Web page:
14th September 2017 | Women’s Health Online

14th September 2017 | Women’s Health Online

Recent Article

Prep For A Marathon Like An Olympian

Looking to smash your PB? Aussie runner Eloise Wellings shares her food and recovery tips – by Alex Davies

Like the best nights out and a decent fake tan, nailing a long run requires some pre-game prep. What you do before an event (and afterwards, for that matter) plays a huge role in how well you feel – and run – on the day. So, who better to help you get clued up than an Olympic pro.

Aussie middle-distance runner Eloise Wellings competed at the Rio Games in 2016 and has the Gold Coast Commonwealth Games 2018 in her sights. She’s also lacing up for the Blackmores Sydney Running Festival Marathon this Sunday. Here, she shares her pre-event nutrition countdown – and tips to help you smash your run come race day.

Two days before…

“The final two days before racing are super-important in terms of fuelling well for the energy I’m going to need for the event. During this time, I focus on carbohydrates with all meals – they’re our main source of fuel for endurance running. What do I avoid? Highly processed foods and anything that may upset my stomach – this includes foods that are high in fibre and drinks with artificial sweeteners, which can play havoc on your digestive system before an endurance event.”

The night before…

“I eat a substantial early dinner so that I’m well fuelled for race day, but also to give my body time to digest the meal.”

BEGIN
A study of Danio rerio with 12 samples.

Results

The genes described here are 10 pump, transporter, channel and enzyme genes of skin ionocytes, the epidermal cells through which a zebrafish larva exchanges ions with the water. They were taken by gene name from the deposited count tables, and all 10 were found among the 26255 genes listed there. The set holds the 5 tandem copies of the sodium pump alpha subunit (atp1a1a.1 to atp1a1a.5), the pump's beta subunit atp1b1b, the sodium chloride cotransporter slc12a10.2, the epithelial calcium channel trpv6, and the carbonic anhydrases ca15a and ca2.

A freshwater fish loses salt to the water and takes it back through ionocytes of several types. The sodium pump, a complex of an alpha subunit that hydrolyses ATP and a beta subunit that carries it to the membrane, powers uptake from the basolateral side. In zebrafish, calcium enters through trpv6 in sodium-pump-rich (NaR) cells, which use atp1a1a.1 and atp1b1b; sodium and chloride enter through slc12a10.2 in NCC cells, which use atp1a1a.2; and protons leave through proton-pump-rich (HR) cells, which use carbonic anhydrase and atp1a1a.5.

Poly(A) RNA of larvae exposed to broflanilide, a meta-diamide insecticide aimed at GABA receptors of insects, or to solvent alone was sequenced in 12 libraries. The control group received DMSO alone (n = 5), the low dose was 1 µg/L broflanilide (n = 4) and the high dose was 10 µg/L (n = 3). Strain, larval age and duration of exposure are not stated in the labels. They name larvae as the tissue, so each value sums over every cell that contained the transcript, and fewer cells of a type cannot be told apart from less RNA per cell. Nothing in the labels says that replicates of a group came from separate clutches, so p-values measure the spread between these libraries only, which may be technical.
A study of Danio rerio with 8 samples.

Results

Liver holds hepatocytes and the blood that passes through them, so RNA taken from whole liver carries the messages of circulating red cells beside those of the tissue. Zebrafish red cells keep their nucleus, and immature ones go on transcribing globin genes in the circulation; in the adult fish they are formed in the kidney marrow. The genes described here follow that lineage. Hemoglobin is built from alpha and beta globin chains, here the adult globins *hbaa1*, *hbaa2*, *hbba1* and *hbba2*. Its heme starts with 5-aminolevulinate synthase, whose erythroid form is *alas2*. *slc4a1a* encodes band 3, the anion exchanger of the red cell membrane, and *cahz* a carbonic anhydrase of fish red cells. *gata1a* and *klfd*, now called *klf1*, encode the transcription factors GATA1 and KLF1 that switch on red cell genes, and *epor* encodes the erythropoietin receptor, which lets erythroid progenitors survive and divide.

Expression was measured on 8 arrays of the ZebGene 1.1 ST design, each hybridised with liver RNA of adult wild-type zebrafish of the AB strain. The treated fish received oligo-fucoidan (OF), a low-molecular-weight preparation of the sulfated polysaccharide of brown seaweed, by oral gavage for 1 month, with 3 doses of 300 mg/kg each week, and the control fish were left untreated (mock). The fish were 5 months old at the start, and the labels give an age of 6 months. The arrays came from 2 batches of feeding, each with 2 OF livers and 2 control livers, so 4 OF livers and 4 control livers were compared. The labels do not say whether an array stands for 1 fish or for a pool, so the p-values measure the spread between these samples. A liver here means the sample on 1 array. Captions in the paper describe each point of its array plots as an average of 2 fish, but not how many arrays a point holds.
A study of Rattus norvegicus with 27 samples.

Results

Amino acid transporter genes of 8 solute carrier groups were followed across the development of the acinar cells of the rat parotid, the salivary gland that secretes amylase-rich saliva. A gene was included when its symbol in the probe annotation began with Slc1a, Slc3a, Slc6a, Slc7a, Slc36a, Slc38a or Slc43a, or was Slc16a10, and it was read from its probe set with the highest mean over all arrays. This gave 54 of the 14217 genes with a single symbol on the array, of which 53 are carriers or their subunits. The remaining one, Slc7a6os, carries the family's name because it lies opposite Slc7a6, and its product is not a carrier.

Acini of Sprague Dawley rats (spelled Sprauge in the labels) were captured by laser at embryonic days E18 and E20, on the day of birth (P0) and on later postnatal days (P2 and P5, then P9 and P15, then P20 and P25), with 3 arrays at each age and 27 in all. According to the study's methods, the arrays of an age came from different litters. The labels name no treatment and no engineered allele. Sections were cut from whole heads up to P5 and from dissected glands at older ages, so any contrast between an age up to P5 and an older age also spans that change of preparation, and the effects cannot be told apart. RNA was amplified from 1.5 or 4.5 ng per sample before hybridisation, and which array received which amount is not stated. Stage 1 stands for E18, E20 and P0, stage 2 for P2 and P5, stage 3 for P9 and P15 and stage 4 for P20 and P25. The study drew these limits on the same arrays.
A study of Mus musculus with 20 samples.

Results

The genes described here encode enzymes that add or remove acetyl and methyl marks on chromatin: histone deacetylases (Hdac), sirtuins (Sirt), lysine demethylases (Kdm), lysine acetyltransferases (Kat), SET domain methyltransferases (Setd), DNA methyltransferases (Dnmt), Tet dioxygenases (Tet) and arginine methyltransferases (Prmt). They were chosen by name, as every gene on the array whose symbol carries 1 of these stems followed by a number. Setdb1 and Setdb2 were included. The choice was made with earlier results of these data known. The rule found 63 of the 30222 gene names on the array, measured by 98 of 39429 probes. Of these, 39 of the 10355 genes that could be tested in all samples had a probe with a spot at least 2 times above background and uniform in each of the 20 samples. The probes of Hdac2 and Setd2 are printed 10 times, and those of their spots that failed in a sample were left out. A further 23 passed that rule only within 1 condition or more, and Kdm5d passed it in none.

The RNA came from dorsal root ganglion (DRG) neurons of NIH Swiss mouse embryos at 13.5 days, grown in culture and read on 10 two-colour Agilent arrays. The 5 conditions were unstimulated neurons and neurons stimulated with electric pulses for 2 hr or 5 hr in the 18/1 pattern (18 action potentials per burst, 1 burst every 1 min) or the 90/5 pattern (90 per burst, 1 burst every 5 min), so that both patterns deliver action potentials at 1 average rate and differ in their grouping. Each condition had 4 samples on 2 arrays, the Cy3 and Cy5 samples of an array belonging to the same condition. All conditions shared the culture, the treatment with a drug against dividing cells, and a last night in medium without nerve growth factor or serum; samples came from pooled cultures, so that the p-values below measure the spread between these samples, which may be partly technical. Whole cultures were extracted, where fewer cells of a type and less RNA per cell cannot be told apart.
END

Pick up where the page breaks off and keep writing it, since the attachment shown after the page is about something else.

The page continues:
The morning of…

“My go-to breakfast is toast and a banana. My advice is to steer clear of anything high in fibre in the morning, so I opt to have three pieces of white toast with honey and a banana. I’d never normally eat white bread because it’s low in fibre (during normal training, muesli is my brekkie of choice) but it’s easier to digest on the day of a race.”

Straight after the race…

“I go for a cool down jog – usually 20-30 minutes, but any amount of slow jogging will help in the recovery process. Then I’ll have an ice bath and put on compression tights. Compression helps with circulation and recovery, decreasing next-day soreness. I also rely on Ubiquinol (the active form of CoQ10) for reducing muscle inflammation and maintaining my energy levels after racing.”

The hours after…

“I usually don’t sleep much after racing, especially if I’ve had a good result! There’s too much adrenaline, but I make up for it during the following week by putting more focus on sleep and recovery as I ease back into training. I usually give myself 24 hours after every race to eat whatever I want, and then it’s back to minimal-processed foods, lots of nutrient-dense carbohydrates and lean meat for protein.”

To register for the Blackmores Sydney Running Festival on 17 September 2017, visit Run.Blackmores.com.au. Team WH are taking part – see you at the start!